Things to consider when applying for PhD positions

Applying for Ph.D. positions

When you apply for positions, both Ph.D. and job positions you need to have a “heart of steel” because the rejection ratio would be much higher than the acceptance rate. For example, if you apply for 20 positions, chances are you may get invited for an interview for only 2 or 3 posts at the max. By interview, I mean for a Skype interview and after the Skype interview there is still a chance that you don’t get invited for a personal interview.


There are certain things to be kept in mind while applying for positions:

  1. You should be crisp and clear while writing a mail to ask for positions or apply for positions. The professors and scientists get many emails from prospective students for positions. The subject line should be catchy. For example, a subject line like “looking for positions”, “job required” certainly doesn’t catch attention. But subject lines like “Ph.D. position: Memory Formation or Neurobiology of Nociception” catches the attention of the reader.
  1. Next comes the body of the mail. You shouldn’t have a long body which spans for more than 1 page or let’s say even a complete one page is too much. I would say be concise and have the following points:
    a) Your very brief introduction
    b) The position you intend to apply for
    c) Your qualification in brief
    d) A thank you message for the time the professor will invest reading it.

Now comes the time for the most important documents: The CV and the Motivational letter. These are the key components of your application, not to forget the importance of your grades and certificates.

Curriculum Vitae – Your CV should be well organized, in a standard font (preferably Times New Roman with the font size of 12) and should be properly aligned. For headings, you can use a slightly bigger font or make it bold. The following points should be mentioned: Education, work experience, essential lab skills, achievements, publications, and references. You should also include computer skills – this should include the computer language(s) and software you know. By software I mean not the Microsoft Office package (that everyone knows) but software like SPSS, Graphpad, Matlab and so on.


  1. While sending your application to combine all the documents in a PDF file with the CV on the top followed by the motivation letter and then attach all your diploma and certificates. Rename the file to something like “Twain_documents” or if mentioned in the advertisement how to name your file, do it accordingly.

If you send your application in this manner, there are high chances of the professors reading the same. But responding to it depends on them. They sometimes may react instantly; some may take a few days to reply, and some don’t respond at all. If you don’t get a response within a few days, it is better to send a gentle reminder to the professor about your application but don’t keep on sending reminders and bug them. If you have applied for an advertised Ph.D. position then better wait until the application deadline is over. I remember I sent a request for an open Ph.D. position but didn’t get any response for three months. I tried to make calls to the professor, but nothing helped and suddenly one day I got a reply saying that my application has been declined.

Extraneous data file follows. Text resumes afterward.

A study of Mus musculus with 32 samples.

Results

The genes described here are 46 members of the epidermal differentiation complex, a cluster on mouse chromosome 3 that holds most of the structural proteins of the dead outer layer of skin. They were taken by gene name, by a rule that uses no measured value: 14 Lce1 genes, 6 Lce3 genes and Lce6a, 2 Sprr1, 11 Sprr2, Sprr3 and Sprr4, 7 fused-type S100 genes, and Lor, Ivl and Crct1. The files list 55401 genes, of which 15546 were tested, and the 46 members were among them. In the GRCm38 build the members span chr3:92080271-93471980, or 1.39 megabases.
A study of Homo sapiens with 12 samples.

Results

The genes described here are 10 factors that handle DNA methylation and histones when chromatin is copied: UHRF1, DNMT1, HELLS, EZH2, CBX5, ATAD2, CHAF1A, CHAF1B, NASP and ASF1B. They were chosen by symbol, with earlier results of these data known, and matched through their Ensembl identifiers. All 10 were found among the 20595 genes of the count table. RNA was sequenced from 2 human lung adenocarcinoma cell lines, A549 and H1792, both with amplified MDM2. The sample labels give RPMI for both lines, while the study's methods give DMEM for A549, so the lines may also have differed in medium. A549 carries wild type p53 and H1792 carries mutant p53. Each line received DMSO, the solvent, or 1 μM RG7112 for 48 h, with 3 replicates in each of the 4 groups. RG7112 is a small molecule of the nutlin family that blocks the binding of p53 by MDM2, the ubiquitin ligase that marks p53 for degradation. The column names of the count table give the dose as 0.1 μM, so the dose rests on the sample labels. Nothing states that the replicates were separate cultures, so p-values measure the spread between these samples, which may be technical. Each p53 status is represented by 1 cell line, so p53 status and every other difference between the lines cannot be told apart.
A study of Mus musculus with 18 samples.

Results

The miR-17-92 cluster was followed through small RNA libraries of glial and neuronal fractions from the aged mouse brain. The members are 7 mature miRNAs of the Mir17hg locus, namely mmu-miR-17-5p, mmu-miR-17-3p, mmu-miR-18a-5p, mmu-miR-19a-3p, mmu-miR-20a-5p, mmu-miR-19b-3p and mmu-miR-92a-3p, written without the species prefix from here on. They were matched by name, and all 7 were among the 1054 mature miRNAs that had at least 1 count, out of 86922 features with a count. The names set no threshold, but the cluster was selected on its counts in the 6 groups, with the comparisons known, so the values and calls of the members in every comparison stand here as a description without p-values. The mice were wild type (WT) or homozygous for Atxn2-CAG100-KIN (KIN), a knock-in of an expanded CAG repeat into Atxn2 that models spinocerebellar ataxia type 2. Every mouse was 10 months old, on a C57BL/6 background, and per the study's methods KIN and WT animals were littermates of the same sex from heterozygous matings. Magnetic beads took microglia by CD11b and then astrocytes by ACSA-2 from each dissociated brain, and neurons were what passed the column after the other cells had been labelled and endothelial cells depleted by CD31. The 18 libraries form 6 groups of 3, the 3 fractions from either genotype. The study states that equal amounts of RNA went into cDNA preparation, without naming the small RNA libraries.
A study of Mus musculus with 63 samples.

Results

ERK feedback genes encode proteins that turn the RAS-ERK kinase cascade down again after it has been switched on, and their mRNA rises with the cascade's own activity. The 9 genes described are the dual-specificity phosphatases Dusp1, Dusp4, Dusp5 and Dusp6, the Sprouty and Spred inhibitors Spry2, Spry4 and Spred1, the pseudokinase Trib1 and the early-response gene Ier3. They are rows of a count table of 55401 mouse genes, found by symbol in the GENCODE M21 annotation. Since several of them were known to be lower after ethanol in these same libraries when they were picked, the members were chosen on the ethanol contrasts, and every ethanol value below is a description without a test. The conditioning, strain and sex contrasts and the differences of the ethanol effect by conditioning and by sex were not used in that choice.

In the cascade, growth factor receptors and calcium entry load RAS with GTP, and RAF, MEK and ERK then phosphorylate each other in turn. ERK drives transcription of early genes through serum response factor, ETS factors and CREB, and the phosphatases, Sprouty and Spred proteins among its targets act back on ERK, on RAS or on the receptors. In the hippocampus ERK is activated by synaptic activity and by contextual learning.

If your application has been accepted and considered then its time to get prepared for the Skype interview. Be well dressed, don’t appear for the Skype interview as if you just got up. Don’t get too excited and don’t assume that if you have been invited for a Skype interview, you have a higher chance of getting in. The Interviewer would be taking Skype interviews of more than one candidate. This meeting would be a bit informal, and the professor would like to know more about you, your plans and your goals. You may get questions like “tell me about your thesis”, “what drives you in science,” “why did you apply to my lab” and sometimes some technical questions. You should take this chance to get to know your future PI as well. You should ask questions about the project, how many students and post-docs are there, the techniques that are going to be used in the project, chances of publications, etc. This is the best time to get to know each other.


A small mention for students who are applying to the UK for Ph.D. positions. Please note that funding is only available for UK or EU students but still you may enquire about funding possibilities for international students.

To conclude, I would like to say that don’t give up if you are rejected. Try to be positive and apply for more positions. You get to learn something from each application, and you can use the knowledge to enhance the next application. Hope this article would help students who are applying for Ph.D. positions. I wish you the best with your applications.

Some job searching sites:

  1. http://www.fens.org/About-Neuroscience/Jobs/ – A lot of positions related to neuroscience is advertised daily.
  2. http://www.nature.com/naturejobs/science/ – You can find a lot of employment here. Not just Ph.D. position, but commercial positions as well.
  3. http://www.jobvector.de – This is a good site but the positions advertised here are mostly in Germany and sometimes elsewhere. The site has an English version also. You can find industry job positions as well.
  4. https://www.researchgate.net – This is a social networking site for scientists, but it has a “jobs you may be interested in” column as well. You can subscribe to weekly/daily digest of posted jobs here.

If you know of any more sites, please do share them.

Hope this would help for those who are applying for Ph.D. positions, and if you have any questions, please feel free to leave a comment.